A jury awarded John Doe $150,000 in punitive damages in his lawsuit against Rev. Jonathan Lovill Stewart for childhood sexual abuse. Stewart sought to have those damages reduced to the statutory cap of either three times the amount of the compensatory damages award or $50,000. Marion Superior Judge David Dreyer ruled in 2009 that I.C. 34-51-3-4 and -5 violate Article 3, Section 1 and Article 1, Section 20 of the state Constitution. In 2011, Dreyer issued an order declaring the cap and allocation of damages violated the separation of powers and right to jury.

In State of Indiana v. John Doe, 49S00-1201-CT-14, Justice Mark Massa provided historical background on punitive damages in Indiana and the statutes that provide the cap and allocation of damages. Under Indiana law, the victim will receive 25 percent of the damages with the remaining 75 percent going into the Violent Crime Victims Compensation Fund.

Massa pointed to Johnson v. St. Vincent Hosp. Inc., 273 Ind. 374, 381, 404 N.E.2d 585, 591 (1980), and Cheatham v. Pohle, 789 N.E.2d 467, 473 (Ind. 2003), as requiring the justices to uphold the cap and allocation provisions at issue here.

“Doe has offered no meaningful reason, and we can conceive none, why a punitive damages cap is so materially different from a compensatory damages cap as to render the former unconstitutional when the latter is not. Rather, we agree with the State that, as we have said before, the jury’s determination of the amount of punitive damages is not the sort of ‘finding of fact’ that implicates the right to jury trial under our state constitution,” Massa wrote.

In addition, the cap doesn’t offend the separation of powers. In civil litigation, “Just as the legislative branch has broad power to limit common law causes of action and remedies, including punitive damages, the judicial branch has sole authority to apply those limitations to particular cases,” Massa continued. “The cap is a public policy judgment that punitive damages in civil cases should not exceed a certain amount. As such, it is no different from a public policy judgment that the penalty for Class C felony child molesting, for example, is imprisonment for between two and eight years.”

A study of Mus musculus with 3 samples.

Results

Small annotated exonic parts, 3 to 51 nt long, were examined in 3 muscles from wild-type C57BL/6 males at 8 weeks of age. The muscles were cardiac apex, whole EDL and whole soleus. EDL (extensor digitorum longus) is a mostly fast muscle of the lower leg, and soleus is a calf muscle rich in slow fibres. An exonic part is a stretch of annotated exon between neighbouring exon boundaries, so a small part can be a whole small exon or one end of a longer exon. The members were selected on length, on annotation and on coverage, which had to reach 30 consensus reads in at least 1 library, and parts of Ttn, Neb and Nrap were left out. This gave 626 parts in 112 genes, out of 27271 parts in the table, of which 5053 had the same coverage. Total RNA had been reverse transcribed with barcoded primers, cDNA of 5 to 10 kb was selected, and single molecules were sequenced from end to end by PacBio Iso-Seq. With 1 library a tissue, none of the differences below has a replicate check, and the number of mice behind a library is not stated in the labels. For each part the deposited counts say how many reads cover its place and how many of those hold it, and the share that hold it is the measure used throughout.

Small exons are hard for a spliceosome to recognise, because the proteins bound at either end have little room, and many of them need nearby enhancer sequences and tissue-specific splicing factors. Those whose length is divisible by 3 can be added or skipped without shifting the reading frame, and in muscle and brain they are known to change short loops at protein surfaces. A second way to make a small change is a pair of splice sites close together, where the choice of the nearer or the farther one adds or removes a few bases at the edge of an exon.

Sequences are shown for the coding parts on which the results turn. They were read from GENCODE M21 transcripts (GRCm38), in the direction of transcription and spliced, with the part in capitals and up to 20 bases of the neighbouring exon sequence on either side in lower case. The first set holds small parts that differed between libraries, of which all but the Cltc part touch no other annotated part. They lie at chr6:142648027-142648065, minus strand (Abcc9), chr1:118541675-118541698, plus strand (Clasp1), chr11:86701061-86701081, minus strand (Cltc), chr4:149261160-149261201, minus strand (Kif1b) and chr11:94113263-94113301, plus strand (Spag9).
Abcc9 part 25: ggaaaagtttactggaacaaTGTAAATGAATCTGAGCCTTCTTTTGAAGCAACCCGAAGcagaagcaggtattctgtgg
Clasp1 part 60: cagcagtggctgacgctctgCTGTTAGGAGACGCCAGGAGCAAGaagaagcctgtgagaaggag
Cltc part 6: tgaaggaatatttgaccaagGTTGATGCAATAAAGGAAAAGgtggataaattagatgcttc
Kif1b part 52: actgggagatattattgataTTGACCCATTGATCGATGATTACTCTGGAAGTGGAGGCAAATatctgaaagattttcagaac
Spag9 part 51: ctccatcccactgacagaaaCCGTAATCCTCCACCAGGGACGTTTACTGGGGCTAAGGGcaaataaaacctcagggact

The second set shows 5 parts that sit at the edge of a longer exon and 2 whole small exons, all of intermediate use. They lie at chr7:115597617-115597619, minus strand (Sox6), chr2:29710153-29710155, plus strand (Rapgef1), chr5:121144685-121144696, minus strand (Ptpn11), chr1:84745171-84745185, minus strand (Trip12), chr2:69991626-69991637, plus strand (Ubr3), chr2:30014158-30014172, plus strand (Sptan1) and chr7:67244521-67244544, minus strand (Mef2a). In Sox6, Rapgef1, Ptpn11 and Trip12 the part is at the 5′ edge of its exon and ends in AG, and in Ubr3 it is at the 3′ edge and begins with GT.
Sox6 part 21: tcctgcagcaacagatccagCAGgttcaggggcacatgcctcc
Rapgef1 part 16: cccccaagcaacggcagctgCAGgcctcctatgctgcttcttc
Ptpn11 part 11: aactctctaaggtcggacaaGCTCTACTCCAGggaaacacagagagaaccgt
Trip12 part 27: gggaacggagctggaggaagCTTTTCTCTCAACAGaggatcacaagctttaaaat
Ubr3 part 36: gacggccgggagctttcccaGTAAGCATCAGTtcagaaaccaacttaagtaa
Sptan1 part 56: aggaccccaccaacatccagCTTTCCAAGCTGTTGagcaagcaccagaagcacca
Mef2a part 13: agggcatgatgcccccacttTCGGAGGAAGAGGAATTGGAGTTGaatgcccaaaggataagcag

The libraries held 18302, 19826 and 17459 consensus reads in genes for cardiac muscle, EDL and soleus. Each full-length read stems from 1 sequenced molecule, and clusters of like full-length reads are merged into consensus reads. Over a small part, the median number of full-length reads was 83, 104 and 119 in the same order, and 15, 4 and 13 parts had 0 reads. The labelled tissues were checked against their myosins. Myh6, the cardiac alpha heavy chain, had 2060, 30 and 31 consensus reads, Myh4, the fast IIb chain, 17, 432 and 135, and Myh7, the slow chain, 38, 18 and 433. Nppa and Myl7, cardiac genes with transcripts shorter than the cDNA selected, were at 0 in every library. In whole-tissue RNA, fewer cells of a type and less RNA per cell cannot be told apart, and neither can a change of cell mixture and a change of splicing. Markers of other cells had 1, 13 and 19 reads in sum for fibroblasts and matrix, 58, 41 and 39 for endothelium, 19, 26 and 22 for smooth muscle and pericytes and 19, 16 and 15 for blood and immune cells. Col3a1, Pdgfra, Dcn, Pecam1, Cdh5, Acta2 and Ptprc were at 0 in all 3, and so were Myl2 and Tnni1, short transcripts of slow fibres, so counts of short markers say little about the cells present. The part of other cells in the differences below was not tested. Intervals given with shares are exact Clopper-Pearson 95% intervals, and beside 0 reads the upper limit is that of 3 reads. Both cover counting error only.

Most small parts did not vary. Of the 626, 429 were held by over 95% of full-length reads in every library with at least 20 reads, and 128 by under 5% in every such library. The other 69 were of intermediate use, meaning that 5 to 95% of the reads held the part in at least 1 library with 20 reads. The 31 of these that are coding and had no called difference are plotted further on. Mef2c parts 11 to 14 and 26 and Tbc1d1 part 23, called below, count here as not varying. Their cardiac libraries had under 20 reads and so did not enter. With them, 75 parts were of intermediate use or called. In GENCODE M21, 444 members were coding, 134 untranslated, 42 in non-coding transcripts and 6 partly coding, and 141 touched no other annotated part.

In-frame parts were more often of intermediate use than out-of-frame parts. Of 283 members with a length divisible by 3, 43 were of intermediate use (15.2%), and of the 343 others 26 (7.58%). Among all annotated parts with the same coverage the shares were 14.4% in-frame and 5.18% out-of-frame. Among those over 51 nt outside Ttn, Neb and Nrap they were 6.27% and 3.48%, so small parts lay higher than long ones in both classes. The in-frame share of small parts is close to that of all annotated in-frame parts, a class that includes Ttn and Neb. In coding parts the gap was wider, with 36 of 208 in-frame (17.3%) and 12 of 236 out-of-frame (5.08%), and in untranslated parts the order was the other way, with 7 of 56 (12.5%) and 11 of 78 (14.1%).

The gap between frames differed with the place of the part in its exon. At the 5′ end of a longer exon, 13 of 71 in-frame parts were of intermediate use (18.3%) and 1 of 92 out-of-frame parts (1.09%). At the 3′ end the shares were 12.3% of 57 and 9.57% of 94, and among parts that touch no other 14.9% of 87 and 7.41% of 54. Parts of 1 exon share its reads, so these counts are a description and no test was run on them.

The justices held that I.C. 34-51-3-4, -5 and -6 do not violate Article 1, Section 20 or Article 3, Section 1 of the Indiana Constitution. They remanded to the trial court to grant Stewart’s motion to reduce the punitive damages to the statutory maximum and order that 75 percent of that award go to the Violent Crime Victim Compensation Fund.

 


  2. Good riddance to this dangerous activist judge

  3. What is the one thing the Hoosier legal status quo hates more than a whistleblower? A lawyer whistleblower taking on the system man to man. That must never be rewarded, must always, always, always be punished, lest the whole rotten tree be felled.

  4. I want to post this to keep this tread alive and hope more of David's former clients might come forward. In my case, this coward of a man represented me from June 2014 for a couple of months before I fired him. I knew something was wrong when he blatantly lied about what he had advised me in my contentious and unfortunate divorce trial. His impact on the proceedings cast a very long shadow and continues to impact me after a lengthy 19 month divorce. I would join a class action suit.

  5. The dispute in LB Indiana regarding lake front property rights is typical of most beach communities along our Great Lakes. Simply put, communication to non owners when visiting the lakefront would be beneficial. The Great Lakes are designated navigational waters (including shorelines). The high-water mark signifies the area one is able to navigate. This means you can walk, run, skip, etc. along the shores. You can't however loiter, camp, sunbath in front of someones property. Informational signs may be helpful to owners and visitors. Our Great Lakes are a treasure that should be enjoyed by all. PS We should all be concerned that the Long Beach, Indiana community is on septic systems.